Buhari has ignited power tussle among Aso Rock cabal, says HURIWA
Human Rights Writers Association of Nigeria (HURIWA) has called out President Muhammadu Buhari over his frequent medical trips overseas, adding that he has “created the vacuum that will throw up power tussles by different power blocs in Aso Rock including the infamous cabal.”
In a statement by its national coordinator, Emmanuel Onwubiko, HURIWA lamented that the President disrespects the 1999 Constitution by not officially transmitting power to Vice President Yemi Osinbajo, whenever he travels abroad.
On Sunday, Buhari travelled to the United Kingdom on a two-week routine medical check-up after attending the United Nations Environmental Programme in Nairobi, Kenya.
The statement notes: “In recent years, the UK has become a choice destination for the Nigerian elite including the President who frequent London for medical tourism while perpetual industrial actions, lack of modern equipment, failure of government to pay doctors’ salaries, among others, mar Nigeria’s health sector.”
It noted that the Federal Ministry of Health has consumed over N2.3 trillion from 2016 to date, while the State House Medical Centre has received over N6.2 billion, according to the respective appropriation acts available on the website of the Budget Office of the Federation.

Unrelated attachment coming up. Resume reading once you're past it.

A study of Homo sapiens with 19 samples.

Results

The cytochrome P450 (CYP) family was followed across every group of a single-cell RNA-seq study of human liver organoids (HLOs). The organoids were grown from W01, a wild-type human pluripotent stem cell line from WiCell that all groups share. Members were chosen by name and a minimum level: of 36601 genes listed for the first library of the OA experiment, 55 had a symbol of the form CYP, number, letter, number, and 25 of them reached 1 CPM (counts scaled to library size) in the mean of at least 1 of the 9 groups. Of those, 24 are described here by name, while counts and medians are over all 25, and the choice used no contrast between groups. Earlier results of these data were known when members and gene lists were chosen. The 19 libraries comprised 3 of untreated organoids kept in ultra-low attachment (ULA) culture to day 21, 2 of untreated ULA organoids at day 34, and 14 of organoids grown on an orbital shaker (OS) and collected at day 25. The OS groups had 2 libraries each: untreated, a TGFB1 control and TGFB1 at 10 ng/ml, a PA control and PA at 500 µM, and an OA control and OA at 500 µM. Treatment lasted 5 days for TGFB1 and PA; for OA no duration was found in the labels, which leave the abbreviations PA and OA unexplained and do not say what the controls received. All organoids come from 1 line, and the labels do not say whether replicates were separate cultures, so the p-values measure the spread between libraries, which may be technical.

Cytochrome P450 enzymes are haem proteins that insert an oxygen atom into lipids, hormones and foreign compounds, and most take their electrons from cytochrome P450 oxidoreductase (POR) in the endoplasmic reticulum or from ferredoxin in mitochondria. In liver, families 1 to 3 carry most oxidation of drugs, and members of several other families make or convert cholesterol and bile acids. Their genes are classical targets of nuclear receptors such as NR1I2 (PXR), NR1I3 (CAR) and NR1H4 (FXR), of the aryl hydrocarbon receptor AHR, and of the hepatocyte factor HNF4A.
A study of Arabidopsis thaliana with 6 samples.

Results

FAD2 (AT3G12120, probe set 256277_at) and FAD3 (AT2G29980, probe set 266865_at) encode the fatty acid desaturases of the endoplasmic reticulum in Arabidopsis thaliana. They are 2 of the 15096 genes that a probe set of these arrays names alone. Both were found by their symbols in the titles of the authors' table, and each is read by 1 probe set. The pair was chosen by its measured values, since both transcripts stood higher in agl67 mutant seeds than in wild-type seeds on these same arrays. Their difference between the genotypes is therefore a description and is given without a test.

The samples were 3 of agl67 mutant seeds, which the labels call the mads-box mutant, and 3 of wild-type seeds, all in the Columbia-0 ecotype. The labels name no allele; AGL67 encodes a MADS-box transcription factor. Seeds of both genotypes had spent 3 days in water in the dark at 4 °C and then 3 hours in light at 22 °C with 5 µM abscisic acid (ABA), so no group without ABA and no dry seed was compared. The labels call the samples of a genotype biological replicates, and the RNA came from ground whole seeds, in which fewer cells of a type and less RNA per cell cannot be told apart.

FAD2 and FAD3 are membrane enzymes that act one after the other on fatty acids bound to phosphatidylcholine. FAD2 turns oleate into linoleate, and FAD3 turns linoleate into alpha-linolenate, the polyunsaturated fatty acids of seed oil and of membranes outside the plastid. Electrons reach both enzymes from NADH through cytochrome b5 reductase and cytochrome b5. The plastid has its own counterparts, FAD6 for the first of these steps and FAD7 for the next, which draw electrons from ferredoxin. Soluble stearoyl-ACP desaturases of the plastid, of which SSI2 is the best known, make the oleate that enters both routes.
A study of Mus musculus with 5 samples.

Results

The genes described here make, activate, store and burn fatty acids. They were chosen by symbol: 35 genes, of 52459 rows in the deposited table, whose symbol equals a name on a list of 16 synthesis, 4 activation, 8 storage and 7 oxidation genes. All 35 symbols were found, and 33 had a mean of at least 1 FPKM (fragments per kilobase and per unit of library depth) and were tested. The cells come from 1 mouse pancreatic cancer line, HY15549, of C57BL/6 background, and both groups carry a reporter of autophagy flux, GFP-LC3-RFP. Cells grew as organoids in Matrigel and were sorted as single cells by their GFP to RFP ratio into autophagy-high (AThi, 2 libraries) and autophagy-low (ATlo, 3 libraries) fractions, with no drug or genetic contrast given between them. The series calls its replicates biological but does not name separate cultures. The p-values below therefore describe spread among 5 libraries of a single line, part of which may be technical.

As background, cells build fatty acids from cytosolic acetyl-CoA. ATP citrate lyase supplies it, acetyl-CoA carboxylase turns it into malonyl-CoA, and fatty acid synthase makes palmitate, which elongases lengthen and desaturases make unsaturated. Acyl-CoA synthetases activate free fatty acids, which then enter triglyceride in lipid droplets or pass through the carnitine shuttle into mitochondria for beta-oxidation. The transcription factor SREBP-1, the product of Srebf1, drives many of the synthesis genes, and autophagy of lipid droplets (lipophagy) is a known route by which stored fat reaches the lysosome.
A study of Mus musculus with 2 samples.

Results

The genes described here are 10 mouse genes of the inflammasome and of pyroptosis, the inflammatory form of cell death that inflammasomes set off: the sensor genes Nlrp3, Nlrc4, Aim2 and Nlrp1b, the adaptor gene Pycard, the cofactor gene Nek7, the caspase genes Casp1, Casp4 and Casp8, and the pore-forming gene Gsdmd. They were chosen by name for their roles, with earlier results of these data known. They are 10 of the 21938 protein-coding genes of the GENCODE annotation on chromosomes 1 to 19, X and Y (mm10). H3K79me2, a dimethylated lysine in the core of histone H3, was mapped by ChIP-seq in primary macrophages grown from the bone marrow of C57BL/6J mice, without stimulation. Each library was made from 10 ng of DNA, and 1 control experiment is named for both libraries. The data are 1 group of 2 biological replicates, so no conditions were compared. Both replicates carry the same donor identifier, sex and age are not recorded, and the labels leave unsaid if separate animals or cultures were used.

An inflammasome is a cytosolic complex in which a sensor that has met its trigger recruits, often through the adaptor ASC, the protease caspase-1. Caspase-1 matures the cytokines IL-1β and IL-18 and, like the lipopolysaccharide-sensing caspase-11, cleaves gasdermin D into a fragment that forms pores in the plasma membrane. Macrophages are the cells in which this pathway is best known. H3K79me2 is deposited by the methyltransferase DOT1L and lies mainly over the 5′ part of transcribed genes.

The statement reads further: “The President is also infamous for not handing over power to the Vice President while away, an action that HURIWA declares unconstitutional. Before Sunday’s trip, the last time the President reportedly transferred power to the Vice President was in 2017 when he spent months in the UK treating an undisclosed ailment.
“But as a sharp departure from the convention, Buhari on Sunday before his aircraft took off from the Presidential Wing of the Nnamdi Azikiwe International Airport, Abuja, said Osinbajo is in charge while he is away.
“When asked by reporters who would be in charge during his trip, the President said, ‘I cannot claim to be doing the work alone. The government is fully represented. The Vice President is there. Constitutionally, when I am away, he is in charge. And then the Secretary to the Government (Boss Mustapha), and the Chief of Staff (Ibrahim Gambari) are also there. So, there is no problem.’”
Onwubiko said: “By virtue of Section 145(1)(2) of the 1999 Constitution of the Federal Republic of Nigeria, 2011 as amended, the President has a constitutional duty to always transmit power whenever he embarks on medical trip or any form of vacation whatsoever.
“Section 145(1)(2) of the 1999 Constitution unambiguously provides that: (1) Whenever the President is proceeding on vacation or is otherwise unable to discharge the functions of his office, he shall transmit a written declaration to the Senate President and the Speaker of the House of Representatives to that effect, and until he transmits to them a written declaration to the contrary, the Vice President shall perform the functions of the President as Acting President.”